Monday, October 3, 2011

New Intersections in our Neighborhood

Here's an intersection near my house ( courtesy of Google Maps)

Notice how the corners are curved in? It's done to make the crosswalk shorter and hopefully reduce the number of pedestrian accidents. I guess this has been a bad corner in the past.

A side-effect of this design is the loss of 8 or more parking spaces on the street close to the corner. For the owners of those houses on the corner, they now have to find somewhere else to park, or do they? It seems they really don't care if they block traffic.

I'm sure you can tell that even on the straighter section of street, there is just enough room to park on both sides and allow two cars to pass driving up the street while each trying to keep to their side of the road. (Imagine this in Winter when the people who live here fail to remove the snow on the street in front of their homes, but park there anyway. They are often almost in the middle of the street.) Once you get to the top of the curve on each corner, there is barely room for one large vehicle to pass if both sides are blocked. In fact, if there is on coming traffic as you make your turn, there is no where to go.

I know they are trying to make it safer for pedestrians, but in an obviously high traffic area, they have made it more dangerous for the drivers. Even more so when the corner residents attempt to claim the parking in front of their house.

The magic question, what would you do if YOU frequent this intersection?

Monday, July 11, 2011

Separate rules for everyone?

This is a pointer to the following CNET article:

Facebook blocks a second contact export tool
by Stephen Shankland

Read more:

After all of Facebook's efforts to prevent this activity, and also after the shut down the API that Open-Xchange uses, why is Yahoo still allowed to pull this info with email addresses but other apps are not even permitted to pull the first and last name?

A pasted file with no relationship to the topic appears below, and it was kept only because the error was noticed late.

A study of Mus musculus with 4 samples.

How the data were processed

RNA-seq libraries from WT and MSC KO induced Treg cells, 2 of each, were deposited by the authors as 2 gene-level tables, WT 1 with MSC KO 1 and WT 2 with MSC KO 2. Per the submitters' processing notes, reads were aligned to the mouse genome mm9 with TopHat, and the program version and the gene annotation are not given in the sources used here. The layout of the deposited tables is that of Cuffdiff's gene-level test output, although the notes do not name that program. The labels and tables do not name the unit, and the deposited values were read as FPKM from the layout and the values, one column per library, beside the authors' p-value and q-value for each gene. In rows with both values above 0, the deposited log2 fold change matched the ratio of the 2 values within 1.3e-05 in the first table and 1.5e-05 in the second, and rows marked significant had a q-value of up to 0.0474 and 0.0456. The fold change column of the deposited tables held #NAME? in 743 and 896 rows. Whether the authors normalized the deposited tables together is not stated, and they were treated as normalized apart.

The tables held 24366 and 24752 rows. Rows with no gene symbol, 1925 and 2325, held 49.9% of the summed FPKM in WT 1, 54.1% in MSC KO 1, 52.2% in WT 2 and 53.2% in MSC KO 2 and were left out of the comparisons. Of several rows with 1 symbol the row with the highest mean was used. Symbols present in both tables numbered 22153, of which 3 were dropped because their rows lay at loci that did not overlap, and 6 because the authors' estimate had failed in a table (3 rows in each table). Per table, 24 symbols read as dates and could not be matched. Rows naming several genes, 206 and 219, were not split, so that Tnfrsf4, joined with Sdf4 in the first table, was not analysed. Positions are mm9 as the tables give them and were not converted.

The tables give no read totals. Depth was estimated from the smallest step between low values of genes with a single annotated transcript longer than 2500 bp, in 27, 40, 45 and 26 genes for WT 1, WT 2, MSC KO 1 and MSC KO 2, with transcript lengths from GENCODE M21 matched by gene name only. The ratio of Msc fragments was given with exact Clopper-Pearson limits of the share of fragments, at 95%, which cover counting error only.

Read the article in full and tell me what you think?

Thursday, January 6, 2011

Internet Privacy

I have received several emails about this site"" over the last 2 weeks and have observed several friends posting about it both on Twitter and on FaceBook.

Here's the main part of the email that seems somewhat consistent:
I recently got notified of a site where people got information about me (including a picture of my house and what it was worth). In an age where identify theft is a daily occurrence, this site (Spokeo) is alarming.

To remove yourself, go to and do a search for your name, click on your name and copy the url of your data, then open up another web page and go to acy and paste the url of your information into it. You have to put in your email address; once you get the email to remove, click on it and you are off of spokeo.

I decided to check out the site on Snopes and found they rated it as True. As Snopes describes it, Spokeo is a "Data Aggregator" that gathers personal information from multiple Public Websites and associates the data when it can. I had 8 entries personally that included my house value, physical address, etc. I did follow their instructions to remove my entries from their system, though I believe the entries probably still exist, but are now hidden from public view.

Although this did resolve things for Spokeo's database entries, it occurred to me that they cannot be the only ones aggregating data from across the Internet. To clarify, the data is already out there, all the did was gather it up into a single location making it more readily search-able. So, I asked myself, "How many more sites like this are out there?".

Very little effort put in resulted in this list of other sites aggregating personal information:


And also got me to The Consumerist editor Ben Popken's June 2010 article "Giant List Of Data Brokers To Opt Out Of". A very good start for a list if I do say so. At the bottom of his article, he even has a link to another Forum post, "Removing your personal information from the Internet, data brokers, marketers, etc". The list there is even longer with some additional links to "How To's" for removing more of your "Public Information".

For those of you with a great deal of concern for your own privacy and that of your family, it may be worthwhile to clear your information off as many of the sites in Ben's article as possible.